After submitting a long-term disability claim, you may be asked to endure an independent medical examination (IME). The purpose of this examination is to clear up any inconsistencies regarding your claim.
So what happens after an IME report has been completed?
Read on to find out.
After the IME
Once the IME is complete, the examining physician will issue a report including their conclusions and opinions. The report will likely be framed to respond to the disputed concerns or questions asked by the insurance company.
The results of the IME can seriously impact your disability claim. It’s common for insurance companies and even judges to view IME doctors as “experts” and weigh their reports heavily. It’s also common for judges to see IME physicians as more objective than treating physicians, even though that’s not always the case.
Discrediting an IME physician’s opinion can be very challenging (but not impossible).
If You Disagree With the Report
If you disagree with the IME physician’s report, you may be able to challenge it.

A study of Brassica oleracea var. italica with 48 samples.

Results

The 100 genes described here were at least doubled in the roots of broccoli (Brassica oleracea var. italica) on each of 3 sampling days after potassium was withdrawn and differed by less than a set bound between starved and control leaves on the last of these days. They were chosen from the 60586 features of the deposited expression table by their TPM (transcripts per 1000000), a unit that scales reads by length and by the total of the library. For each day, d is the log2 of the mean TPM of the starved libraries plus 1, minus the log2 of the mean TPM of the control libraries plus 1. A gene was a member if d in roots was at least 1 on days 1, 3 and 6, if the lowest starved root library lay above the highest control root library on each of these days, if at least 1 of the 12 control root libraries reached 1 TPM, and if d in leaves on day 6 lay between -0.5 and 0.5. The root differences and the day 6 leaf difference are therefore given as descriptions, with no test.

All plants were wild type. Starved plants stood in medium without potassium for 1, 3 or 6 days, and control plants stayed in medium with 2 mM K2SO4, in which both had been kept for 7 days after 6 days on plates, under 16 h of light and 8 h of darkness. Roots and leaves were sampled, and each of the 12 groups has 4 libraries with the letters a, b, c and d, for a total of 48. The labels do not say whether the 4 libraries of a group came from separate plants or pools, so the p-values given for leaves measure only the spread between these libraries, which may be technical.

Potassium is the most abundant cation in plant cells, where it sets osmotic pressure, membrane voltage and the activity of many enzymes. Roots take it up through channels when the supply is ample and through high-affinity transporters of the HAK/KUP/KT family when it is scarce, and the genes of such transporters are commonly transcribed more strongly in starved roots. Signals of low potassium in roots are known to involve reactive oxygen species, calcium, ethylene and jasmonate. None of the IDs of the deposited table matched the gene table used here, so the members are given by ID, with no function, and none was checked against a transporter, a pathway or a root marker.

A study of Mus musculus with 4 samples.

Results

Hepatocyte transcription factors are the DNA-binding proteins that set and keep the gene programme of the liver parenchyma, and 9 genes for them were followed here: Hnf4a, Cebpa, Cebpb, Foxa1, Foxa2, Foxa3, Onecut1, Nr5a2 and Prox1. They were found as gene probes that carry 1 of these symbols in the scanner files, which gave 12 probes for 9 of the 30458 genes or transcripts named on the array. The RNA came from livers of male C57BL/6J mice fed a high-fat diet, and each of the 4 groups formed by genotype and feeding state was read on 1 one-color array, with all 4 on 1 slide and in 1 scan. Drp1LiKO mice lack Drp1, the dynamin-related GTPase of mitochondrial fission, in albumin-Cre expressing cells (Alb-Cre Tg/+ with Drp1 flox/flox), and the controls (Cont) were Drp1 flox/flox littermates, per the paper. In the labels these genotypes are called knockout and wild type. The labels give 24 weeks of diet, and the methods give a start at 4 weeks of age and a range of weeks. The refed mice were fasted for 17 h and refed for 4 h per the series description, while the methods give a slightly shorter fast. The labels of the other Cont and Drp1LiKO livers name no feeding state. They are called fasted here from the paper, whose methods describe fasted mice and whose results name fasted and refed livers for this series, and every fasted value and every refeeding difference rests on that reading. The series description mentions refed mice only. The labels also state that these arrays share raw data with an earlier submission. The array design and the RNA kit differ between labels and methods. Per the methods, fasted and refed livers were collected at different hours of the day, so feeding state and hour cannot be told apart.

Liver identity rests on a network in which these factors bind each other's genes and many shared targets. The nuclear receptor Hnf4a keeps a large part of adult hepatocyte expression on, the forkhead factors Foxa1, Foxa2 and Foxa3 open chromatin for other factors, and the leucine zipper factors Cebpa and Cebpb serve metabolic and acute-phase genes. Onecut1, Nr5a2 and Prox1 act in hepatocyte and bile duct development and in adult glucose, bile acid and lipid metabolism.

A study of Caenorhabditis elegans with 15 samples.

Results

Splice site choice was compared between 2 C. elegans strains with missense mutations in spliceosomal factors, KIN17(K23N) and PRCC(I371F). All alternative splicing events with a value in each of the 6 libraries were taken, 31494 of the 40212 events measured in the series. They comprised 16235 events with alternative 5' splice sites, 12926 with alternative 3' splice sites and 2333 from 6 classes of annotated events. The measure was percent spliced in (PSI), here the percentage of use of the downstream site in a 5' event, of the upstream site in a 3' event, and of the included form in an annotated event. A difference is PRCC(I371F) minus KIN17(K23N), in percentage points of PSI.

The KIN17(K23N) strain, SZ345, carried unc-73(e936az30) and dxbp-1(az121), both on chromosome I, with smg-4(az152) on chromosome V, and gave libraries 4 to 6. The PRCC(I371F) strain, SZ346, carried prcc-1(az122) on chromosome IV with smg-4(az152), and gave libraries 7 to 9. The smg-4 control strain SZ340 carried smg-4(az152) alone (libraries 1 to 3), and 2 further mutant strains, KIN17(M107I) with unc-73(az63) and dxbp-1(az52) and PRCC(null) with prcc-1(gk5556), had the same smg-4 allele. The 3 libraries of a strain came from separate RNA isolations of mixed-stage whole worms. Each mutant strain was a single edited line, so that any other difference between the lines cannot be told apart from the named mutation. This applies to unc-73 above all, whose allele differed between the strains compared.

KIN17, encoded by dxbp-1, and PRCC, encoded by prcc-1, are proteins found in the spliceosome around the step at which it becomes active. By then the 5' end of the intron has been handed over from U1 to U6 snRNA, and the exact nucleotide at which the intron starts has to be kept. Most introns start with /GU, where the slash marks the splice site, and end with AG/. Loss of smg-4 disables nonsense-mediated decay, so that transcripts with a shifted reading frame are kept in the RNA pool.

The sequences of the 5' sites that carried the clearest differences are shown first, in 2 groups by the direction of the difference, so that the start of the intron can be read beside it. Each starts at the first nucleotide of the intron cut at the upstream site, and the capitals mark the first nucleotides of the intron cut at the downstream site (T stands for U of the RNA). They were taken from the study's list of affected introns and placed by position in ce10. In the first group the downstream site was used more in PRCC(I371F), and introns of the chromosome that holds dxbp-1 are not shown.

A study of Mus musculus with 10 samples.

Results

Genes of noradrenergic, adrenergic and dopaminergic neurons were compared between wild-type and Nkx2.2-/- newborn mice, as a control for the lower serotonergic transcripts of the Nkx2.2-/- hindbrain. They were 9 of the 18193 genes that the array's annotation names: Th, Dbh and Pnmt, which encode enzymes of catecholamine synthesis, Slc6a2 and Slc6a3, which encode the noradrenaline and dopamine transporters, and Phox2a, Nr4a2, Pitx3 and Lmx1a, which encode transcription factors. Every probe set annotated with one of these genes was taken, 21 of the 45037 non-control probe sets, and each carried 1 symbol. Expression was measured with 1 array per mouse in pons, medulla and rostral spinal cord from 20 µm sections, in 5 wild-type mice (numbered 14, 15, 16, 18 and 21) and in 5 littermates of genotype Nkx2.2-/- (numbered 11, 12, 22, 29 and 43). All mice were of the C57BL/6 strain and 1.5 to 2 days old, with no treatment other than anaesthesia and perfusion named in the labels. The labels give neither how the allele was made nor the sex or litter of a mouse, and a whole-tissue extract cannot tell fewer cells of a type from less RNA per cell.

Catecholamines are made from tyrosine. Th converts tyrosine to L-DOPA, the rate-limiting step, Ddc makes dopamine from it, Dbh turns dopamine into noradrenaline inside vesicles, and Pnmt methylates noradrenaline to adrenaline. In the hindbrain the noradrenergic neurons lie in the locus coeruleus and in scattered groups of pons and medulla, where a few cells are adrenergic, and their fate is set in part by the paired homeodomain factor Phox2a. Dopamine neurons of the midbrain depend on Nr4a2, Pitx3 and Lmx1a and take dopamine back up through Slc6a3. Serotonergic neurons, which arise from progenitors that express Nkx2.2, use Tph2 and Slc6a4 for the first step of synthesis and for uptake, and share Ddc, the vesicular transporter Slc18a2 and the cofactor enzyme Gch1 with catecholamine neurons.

For instance, if the physician’s stance is based on invalid information regarding your medical history or another factual error, you should make it known immediately. Write a letter to the physician and the insurance company describing the inaccuracies and provide evidence, if possible. Ask the doctor to explain the report through an addendum.
It may also be possible to request a second medical examination to be conducted by a physician you choose in certain states.
Suppose you’re unable to resolve the issue informally and the incorrect report is being used against you to limit or eliminate your benefits. In that case, the next step is to hire a skilled disability attorney to help with your case. Having an attorney on your side can make all the difference in the outcome of your claim.
If you’re disabled and can’t get the benefits you need, we may be able to help. Our team only handles disability cases, so you can rest assured that you’re working with the best of the best.
Call Dabdoub Law Firm today at (800) 969-0488 to speak with an attorney about your case.